The new Terminator 2 Blu-Ray arrived earlier this week. It’s an interesting one - there are definitely some reasons for fans to check it out, but there are also some elements that aren’t ideal.
One of the major reasons to check it out is the documentary - a new hour-long retrospective that features interviews with most of the major players involved with the movie (with the notable exception of Linda Hamilton), and runs through the conception, production and release of the film. Due to its length, it only has time to touch on a lot of things fairly lightly, but it’s a reasonably comprehensive look at the movie.
It’s great to see some of the original screen-test performances for some of the actors involved (including a very young Furlong, an interesting section with the T-1000 dressed in the old Arnie biker leathers - a weird combination - and shaky footage of Hamilton’s first day of weapons training), and hear them talk about their approach to their characters. Everyone is also fairly candid about the making of the movie - with Cameron openly admitting that he did it for the money, Arnie saying he initially thought the idea of a ‘good’ Terminator was idiotic, and several of the key ideas within the film being motivated as much by practical circumstances as being active creative choices.
The hardest interview segments to watch are the ones with Furlong, though. I never previously appreciated that he obviously had a hard life before making the movie - the casting director talks about him being small and malnourished when he was originally discovered in a youth club - and he has clearly had a rough time of it since.
I appreciated his willingness to talk on the documentary, but some of the stuff he says is heartbreaking - such as how he channelled his unhappy feelings about his own home and family when acting in some of the more emotional scenes of the movie, and how he looks back on his days filming T2 as being the best times of his life. And to be frank, he looks a bit of a mess in general in his talking-heads segments. I’m glad he did it but it’s sad to see. I hope he gets a break soon.
Anyway, the documentary is very good, and required viewing for a Terminator fan. There’s also lots of old material included as extras - including the previous 1993 making-of, all the trailers, and the two deleted scenes (with the T-1000 searching John’s room and with the abandoned future-set ending) that have all been seen on previous sets.
As for the film itself, it’s a bit of a mixed bag. Not the movie (obviously!), but the presentation of it here.
Having read quite a few reviews of the Blu-Ray before buying it, I can see where the complaints are coming from. While the picture looks very sharp (I’m not a geek about technical stuff, but it seems like a very marginal improvement over my old Blu-Ray copy), I can see what people mean about the DNR making people look a bit plastic-y and waxwork-like.
The colour timing is also quite interesting - there’s a definite case of orange-and-teal here, with an odd overly-cold blueness to some scenes, and some of the gentler, warmer colours of previous versions done away with. It’s more noticeable in some scenes than others - for example, the famous bar scene where Arnie gets his clothes, boots and motorcycle. I remember this as having a noticeable pink haziness to it, but it’s quite cold and blue-looking here.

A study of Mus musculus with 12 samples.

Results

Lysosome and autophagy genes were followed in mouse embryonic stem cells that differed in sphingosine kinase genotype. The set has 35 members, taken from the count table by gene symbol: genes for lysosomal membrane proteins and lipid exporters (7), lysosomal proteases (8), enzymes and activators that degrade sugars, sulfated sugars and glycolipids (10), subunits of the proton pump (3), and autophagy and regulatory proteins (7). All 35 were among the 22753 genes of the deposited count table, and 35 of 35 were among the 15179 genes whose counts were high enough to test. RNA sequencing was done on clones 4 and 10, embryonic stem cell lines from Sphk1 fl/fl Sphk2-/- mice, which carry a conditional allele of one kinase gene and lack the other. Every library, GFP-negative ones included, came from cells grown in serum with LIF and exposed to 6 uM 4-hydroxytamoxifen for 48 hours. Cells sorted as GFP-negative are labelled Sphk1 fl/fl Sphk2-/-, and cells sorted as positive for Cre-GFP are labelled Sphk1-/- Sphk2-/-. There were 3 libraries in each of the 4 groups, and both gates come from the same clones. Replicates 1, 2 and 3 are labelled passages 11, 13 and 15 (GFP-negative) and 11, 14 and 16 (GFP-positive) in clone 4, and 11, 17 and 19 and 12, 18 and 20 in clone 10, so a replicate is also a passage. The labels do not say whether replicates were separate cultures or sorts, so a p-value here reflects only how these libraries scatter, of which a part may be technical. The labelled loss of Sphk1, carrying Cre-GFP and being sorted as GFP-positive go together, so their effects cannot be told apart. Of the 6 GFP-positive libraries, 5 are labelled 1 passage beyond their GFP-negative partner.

You don’t necessarily notice this kind of thing a huge amount while watching the regular edition as the colour is all very consistent, but if you watch the extended edition of the film (my preferred version) - which on this Blu-Ray uses seamless branching to cut between the old and new material - the colour changes really stick out.
That’s because the stuff that isn’t in the theatrical edition hasn’t been similarly overhauled, so you’ll get jarring switches from one colour palette to another, often within the same scene. The corridors in Sarah’s hospital go from blue-ish to pink and back, John Connor’s home suddenly looks like the walls have been painted a different colour, stuff like that.
The new colour rarely looks wrong (although there are a couple of bits in the opening future-war scene where yellow-orange explosions look like they’re tinted green at the edges), it’s just different, and actually more in line with the remastered version of the original Terminator from a few years ago.
There are some good comparison pictures here, anyway, if you want to see more detail of what I’m talking about:
It’s interesting that this version has also seen Cameron make some slight ‘fixes’ to the movie - but they’re very minor changes (more on the scale of the Blade Runner Final Cut than the Star Wars Special Editions). There’s a bit where an obvious stuntman in the bike/truck chase sequence has had his face replaced with Arnie’s; the truck windscreen has been reinstated in one or two shots to correct a continuity error; a couple of effects elements (wires and concealed limbs) have been erased in the steel mill sequence. It’s all unobtrusive stuff that you don’t even notice when watching, so it doesn’t matter much to me either way.
Ultimately, I think the movie still looks great in this version (despite the niggles above), and it remains one of those incredibly watchable and enjoyable films of the kind that if you start watching it from any point in the story, it becomes very difficult to turn off. For less than a tenner this is well worth picking up for fans, and the new documentary is the icing on the cake.
If you’re reading this far into this post then you probably love the Terminator movies as much as I do, and buying this Blu-Ray has reminded me what a brilliant film T2 is, how much of it is seared into my mind from countless rewatches, and how much genuine affection I have for the film. This release does it justice, and has got me excited about the movie all over again.